19 March 2007

Aspects and Architecture

Finding myself with free time between consulting gigs, I've been thinking about aspects. Aspects are a very active research topic in computer science and software engineering for addressing crosscutting concerns.
Here's a non-computing analogy: imagine you are writing an outline about something that interests you. You've got 5 or 6 top-level categories, and you've refined each of them to several levels. Inevitably you find some things that either: (A) don't fit in any of those categories, or (B) rightfully belong under more than one! So maybe you add some categories, rearrange things, and guess what? You run into A and B again, and again! This happens perhaps because most things that are interesting at all can't be easily described in a single way.

Aspect-Oriented Programming. Well, maybe this is no big deal when making outlines, but it can have a big impact on software development. The impact comes from the same situations: the same code needs to be replicated in numerous places and gets tangled with other code, making it hard to maintain. Gregor Kiczales and colleagues developed the ideas of aspect-oriented programming (AOP) to address these problems back in the 1990s at Xerox PARC.

Aspects in Architecture. My particular interest is whether the insights of AOP have any use in clarifying the descriptions of software systems architectures. To that end, we organized a workshop First Workshop on Aspects in Architectural Description at the AOSD 2007 conference, and gave a paper trying to cast aspects into the conceptual framework of IEEE 1471, at the Early Aspects workshop.

AOSD 2007. I really enjoyed the AOSD (Aspect-Oriented Software Development) 2007 conference. It was held in Vancouver, BC—always a nice place to visit (more on this below).
Monday we held our workshop on aspects in architectural description. My co-organizers were Paul Clements, David Emery and Philippe Kruchten—all smart, fun people to work with. It was a small, very interactive workshop of 15 people. The papers and discussions were very thought-provoking. A summary will appear on the workshop website.

Tuesday was the "Early Aspects" workshop. Again, a very thought-provoking collection of talks and discussions, with a wider focus than just architecture, to include requirements and design. Anthony Finkelstein gave the keynote (and participated in our workshop on monday). His ideas are very compatible with the multiple views approach taken in software architecture and he has tools to support that approach. In fact, he coined one widely used notion of "viewpoint" back in the 1990s which was an important insight we used in IEEE 1471. (More about views and viewpoint some other time.)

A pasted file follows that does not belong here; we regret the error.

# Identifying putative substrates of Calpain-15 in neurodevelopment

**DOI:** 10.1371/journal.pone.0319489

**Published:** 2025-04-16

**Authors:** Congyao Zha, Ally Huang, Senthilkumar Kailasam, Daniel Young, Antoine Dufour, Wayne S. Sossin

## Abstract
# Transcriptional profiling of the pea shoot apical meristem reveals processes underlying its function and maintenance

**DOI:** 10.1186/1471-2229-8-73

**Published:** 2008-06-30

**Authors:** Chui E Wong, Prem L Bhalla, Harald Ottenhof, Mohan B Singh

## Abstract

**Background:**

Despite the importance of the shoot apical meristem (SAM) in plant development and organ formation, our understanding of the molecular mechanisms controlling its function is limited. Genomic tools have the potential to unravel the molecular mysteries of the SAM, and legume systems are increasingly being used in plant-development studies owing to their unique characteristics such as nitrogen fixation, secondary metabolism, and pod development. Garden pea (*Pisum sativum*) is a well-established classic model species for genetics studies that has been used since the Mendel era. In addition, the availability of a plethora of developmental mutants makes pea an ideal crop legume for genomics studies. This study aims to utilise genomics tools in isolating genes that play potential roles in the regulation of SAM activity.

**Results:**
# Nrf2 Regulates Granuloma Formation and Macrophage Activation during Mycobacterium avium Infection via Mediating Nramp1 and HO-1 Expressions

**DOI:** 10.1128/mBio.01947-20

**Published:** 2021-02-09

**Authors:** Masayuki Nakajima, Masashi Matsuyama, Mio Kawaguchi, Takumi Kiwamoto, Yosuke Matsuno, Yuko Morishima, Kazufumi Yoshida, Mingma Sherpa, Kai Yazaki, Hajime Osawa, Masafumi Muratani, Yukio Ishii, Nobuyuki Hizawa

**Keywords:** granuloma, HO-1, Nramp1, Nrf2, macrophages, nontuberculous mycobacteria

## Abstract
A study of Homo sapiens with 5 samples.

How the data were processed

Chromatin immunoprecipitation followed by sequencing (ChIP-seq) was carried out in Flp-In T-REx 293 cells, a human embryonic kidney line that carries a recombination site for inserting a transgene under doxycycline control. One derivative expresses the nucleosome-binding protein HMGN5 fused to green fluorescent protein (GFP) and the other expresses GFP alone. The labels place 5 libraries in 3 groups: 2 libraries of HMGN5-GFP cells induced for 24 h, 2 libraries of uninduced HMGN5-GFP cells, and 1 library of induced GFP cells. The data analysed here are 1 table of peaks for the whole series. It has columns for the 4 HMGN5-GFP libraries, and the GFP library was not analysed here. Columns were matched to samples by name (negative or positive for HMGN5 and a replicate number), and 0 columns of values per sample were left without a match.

AOSD has largely a research focus, with some industrial participation; it was very nice to talk with young researchers and see what they are up to. It was fun to be an ancient industry guy and make pronouncements like:

It's nice you are studying ADLs (architecture description languages) and inventing new ones, but remember almost no one in industry uses ADLs: most architectures, if captured at all, are written down with Powerpoint or maybe UML.

It reminded me of the spirit of early OOPSLAs. There is a lot of work on using aspects in requirements engineering, including a number of tool demos. Two of my favorites were from Lancaster University: MRAT (Multidimensional Requirements Analysis Tool) and EA-Miner. Thomas Cottenier presented some very impressive work on model weaving for a (real) software project at Motorola.

The thing I did not hear at AOSD were any new conceptual insights into aspects. The community seems to be in a consolidation phase, extending the aspects metaphor to design and requirements activities. Also, there is still some conceptual fuzziness: one that particularly confuses me is the blurring of concerns (which I think of as naming problems to be solved) with aspects (which I think of as packaging the solutions to those problems).

Sundries. Vancouver is a great town for restaurants. I did not get to as many as I might have, because AOSD provided breakfasts and lunches, and two evening receptions which included plenty of good food. The Early Aspects workshop had a group dinner at a nice Greek restaurant nearby, Kalypso. One of my favorite cafes is in Vancouver: Caffe Artigiano.

My return to the east coast was somewhat disrupted by a winter storm—which gave me chance for a stop over in San Francisco: long enough to visit friends in Mountain View and have a very nice super at a new Chinese-Indian fusion restaurant, temptations.